Typically, when people think of vegan tattooing, they think of ink and maybe the type of aftercare used to heal the tattoo or piercing — but what about everything else? There are tons of non-vegan products to be on the lookout for when it comes to body piercing procedures, cosmetic tattooing, and tattoo removal. It’s important to make sure you're going to a vegan shop that not only supplies vegan ink, but knows what they’re talking about when it comes to vegan tattooing.
The tattoo industry is mostly vegan by industry standards. In fact, the two most significant categories — Ink and Aftercare — are also the two that are almost exclusively vegan already (please note that when I say vegan, I am including cruelty- free in the definition). There are many vegan ink and aftercare brands that can be found in almost every tattoo shop across the world. Likewise, there are plenty of vegan alternatives for everything from stencils, razors, tracing paper, and skin markers to common cleaning products used in the studio. It is therefore entirely possible to perform a whole tattoo procedure with entirely vegan products!
Most countries, including Canada and USA, are required by law to have all medical products undergo animal testing; therefore, there are products that are not included among alternative cruelty-free brands that I’ve found (please share if you know of any). Please note that in this supplemental list of products, a star (*) is used to indicate when products do NOT have a cruelty-free alternative. These starred products are used to disinfect and ensure your work space is free of blood-borne pathogens.
The tattoo industry can easily become a mostly vegan industry, but it’s the little details that are daunting. The industry is grossly unsustainable and not environmentally friendly due to the constant disposal of plastics and bio-waste instead of recycling. For example, during tattoo procedures, plastic cups are used to rinse off bio-coated needles/cartridges; then filled with a liquid waste solidifier; and then thrown into the trash. We [Grim City Tattoo Club] have recently started purchasing biodegradable plastic rinse cups to help solve this problem.
Additionally, drape sheets and dental bibs contain waxy coatings that are probably not biodegradable, and the amount of plastic used in packaging, shipping, and aftercare is extremely high. Most companies do not use post-consumer plastics or the more expensive compostable plastics.
Wasted paper is another common issue in the tattoo industry. In most busy shops, paper is wasted due to the amount of printing being done. Additionally, printer cartridges are depleted and disposed of at a high rate. To avoid this issue, our shop has switched to Epson’s Ink Tank printers, which are re-fillable and last for thousands of prints.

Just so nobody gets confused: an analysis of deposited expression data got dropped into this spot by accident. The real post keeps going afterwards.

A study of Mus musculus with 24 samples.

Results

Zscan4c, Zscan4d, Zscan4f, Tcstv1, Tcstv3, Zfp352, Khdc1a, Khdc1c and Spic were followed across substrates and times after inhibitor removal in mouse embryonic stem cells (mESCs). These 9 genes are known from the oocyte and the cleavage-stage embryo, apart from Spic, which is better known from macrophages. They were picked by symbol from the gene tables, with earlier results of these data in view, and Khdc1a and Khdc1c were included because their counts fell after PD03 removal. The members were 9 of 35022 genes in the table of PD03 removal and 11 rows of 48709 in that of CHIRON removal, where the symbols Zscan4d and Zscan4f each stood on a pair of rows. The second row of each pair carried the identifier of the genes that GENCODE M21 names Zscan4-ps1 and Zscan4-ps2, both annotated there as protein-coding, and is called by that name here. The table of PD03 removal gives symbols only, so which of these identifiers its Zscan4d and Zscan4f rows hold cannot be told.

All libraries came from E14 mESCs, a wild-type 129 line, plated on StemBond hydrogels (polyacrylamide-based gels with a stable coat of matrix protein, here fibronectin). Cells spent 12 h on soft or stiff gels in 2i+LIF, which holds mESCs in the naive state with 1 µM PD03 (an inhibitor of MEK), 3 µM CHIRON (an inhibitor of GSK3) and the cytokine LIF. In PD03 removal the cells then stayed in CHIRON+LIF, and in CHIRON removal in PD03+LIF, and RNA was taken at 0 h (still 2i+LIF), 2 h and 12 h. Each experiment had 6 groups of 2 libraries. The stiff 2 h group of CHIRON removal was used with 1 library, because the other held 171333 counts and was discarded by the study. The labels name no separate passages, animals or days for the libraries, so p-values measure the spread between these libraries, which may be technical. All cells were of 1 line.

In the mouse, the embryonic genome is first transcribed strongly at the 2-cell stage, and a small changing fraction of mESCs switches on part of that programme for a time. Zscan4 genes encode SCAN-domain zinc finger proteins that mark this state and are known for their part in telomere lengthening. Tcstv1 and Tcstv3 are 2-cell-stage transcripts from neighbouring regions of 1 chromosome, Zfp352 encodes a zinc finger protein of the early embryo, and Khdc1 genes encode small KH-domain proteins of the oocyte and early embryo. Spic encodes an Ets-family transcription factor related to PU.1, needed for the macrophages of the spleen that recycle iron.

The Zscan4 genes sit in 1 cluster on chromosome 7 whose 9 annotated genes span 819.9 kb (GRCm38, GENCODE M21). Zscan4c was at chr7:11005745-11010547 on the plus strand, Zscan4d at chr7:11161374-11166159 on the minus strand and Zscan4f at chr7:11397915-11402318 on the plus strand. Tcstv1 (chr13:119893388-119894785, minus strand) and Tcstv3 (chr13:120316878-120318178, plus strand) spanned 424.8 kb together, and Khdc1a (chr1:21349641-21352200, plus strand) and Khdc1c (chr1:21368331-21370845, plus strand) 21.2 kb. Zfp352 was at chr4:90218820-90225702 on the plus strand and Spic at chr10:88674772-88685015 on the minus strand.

Artist portfolios are traditionally printed onto photo paper and then placed into a photo album. Our shop uses digital portfolios, or photo books printed on recycled paper, which are stored long-term as they become outdated.
Wasted paper happens outside the tattoo shop as well and goes beyond printing in high volumes. Most clients will immediately discard waivers and aftercare information into regular garbage instead of recycling bins — or worse, they litter. We solved this issue with digital waivers on tablets through companies like WaiverSaver.
There are some circumstances where the issue of waste is beyond our control. For instance, aftercare often comes in a pressurized spray or plastic bottles, which are often thrown into the garbage instead of being recycled. Paper towels are another item used and discarded without much thought for the environment. At this time, we have yet to find a viable solution for these specific issues.
Unfortunately, overall, non-vegan animal-based products are present almost everywhere in the world. My shop is making constant changes to ensure we are purchasing more vegan products whenever possible. It is highly uncommon for a shop to go to the extremes that we do at Grim City Tattoo Club, but there are other vegan shops that are equally amazing and doing their part to make a difference.
We encourage people to find a vegan shop that is doing as much as possible to reduce or eliminate animal-based, cruelty, non-vegan, and environmentally damaging products and practices. Support a shop that is as vegan as you are comfortable with, and educate them if possible on the smaller details mentioned in this article. Almost all vegan shops will adapt to do better if they care enough to be vegan in the first place. The only option to avoid this entirely is to not participate in the tattoo industry at all. We believe in supporting companies, shops, and brands who are actively trying to educate and support other professionals and clientele (rather than being 100% purist).
Our goal is to have the most up-to-date and honest information available. If anyone notices any brands left out of this article, or any brands that are listed as vegan when they are not, please email [email protected].
Disclaimer: The views and opinions expressed in this article are the author's own and do not necessarily reflect the official position of PainfulPleasures.